Zinc-finger antiviral protein acts as a tumor suppressor in colorectal cancer

Colorectal Cancer

Oncogene. 2020 Aug 7. doi: 10.1038/s41388-020-01416-7. Online ahead of print.


Avoiding immune destruction is essential for tumorigenesis. Current research into the interaction between tumor and immunological niches complement tumor pathology beyond cancer genetics. Intrinsic host defense immunity is a specialized innate immunity component to restrict viral infection. However, whether intrinsic immunity participates in tumor pathology is unclear. Previously, we identified a zinc-finger antiviral protein ZAP that is commonly downregulated in a panel of clinical cancer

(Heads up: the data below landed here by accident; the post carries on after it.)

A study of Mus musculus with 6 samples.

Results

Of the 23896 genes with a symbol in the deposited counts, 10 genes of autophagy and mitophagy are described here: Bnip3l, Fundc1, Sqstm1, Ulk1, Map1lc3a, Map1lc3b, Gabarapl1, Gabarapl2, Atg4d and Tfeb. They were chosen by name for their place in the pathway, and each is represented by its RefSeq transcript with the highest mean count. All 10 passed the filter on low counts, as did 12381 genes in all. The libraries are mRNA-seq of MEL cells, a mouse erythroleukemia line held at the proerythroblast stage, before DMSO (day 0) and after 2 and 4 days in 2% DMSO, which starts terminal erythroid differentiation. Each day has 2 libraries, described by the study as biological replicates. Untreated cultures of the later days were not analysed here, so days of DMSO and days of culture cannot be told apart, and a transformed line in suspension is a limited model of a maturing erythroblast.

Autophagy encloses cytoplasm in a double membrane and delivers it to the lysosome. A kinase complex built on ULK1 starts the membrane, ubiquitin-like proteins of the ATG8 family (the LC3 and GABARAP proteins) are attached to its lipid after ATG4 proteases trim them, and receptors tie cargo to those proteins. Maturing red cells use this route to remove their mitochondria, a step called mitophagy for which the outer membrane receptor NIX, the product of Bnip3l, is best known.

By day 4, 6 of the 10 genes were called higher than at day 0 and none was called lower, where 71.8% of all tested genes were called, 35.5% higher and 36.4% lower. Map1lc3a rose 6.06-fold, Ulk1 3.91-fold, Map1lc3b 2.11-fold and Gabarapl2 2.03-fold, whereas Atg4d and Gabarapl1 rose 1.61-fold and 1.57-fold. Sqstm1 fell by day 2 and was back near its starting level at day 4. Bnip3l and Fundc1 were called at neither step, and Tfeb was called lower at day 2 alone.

specimens. However, whether ZAP has an impact on tumor development was unknown. Here we report ZAP as a genuine tumor suppressor. Pan-caner analysis with TCGA data from 712 patients and large-scale immunohistochemistry in tissue microarrays from 1552 patients reveal that ZAP is prevalently downregulated, and associated with poor survival in liver, colon, and bladder cancer patients. Ectopic over-expression of ZAP inhibits the malignant phenotypes of colorectal tumor by cell cycle arrest. Using RNA immunoprecipitation and RNA decay assays, we demonstrate that ZAP directly and specifically binds to and degrades the transcript of TRAILR4, which in turn represses TRAILR4 expression and inhibits the aggressiveness of colorectal cancer cells. Furthermore, our CRISPR-engineered mice models show that loss-of-function of ZAP synergizes with APC-deficiency to drive malignant colorectal cancer in vivo. Overall, we identify a previously unknown function of the antiviral factor ZAP in colorectal tumorigenesis, linking intrinsic immunity to tumor pathogenetics.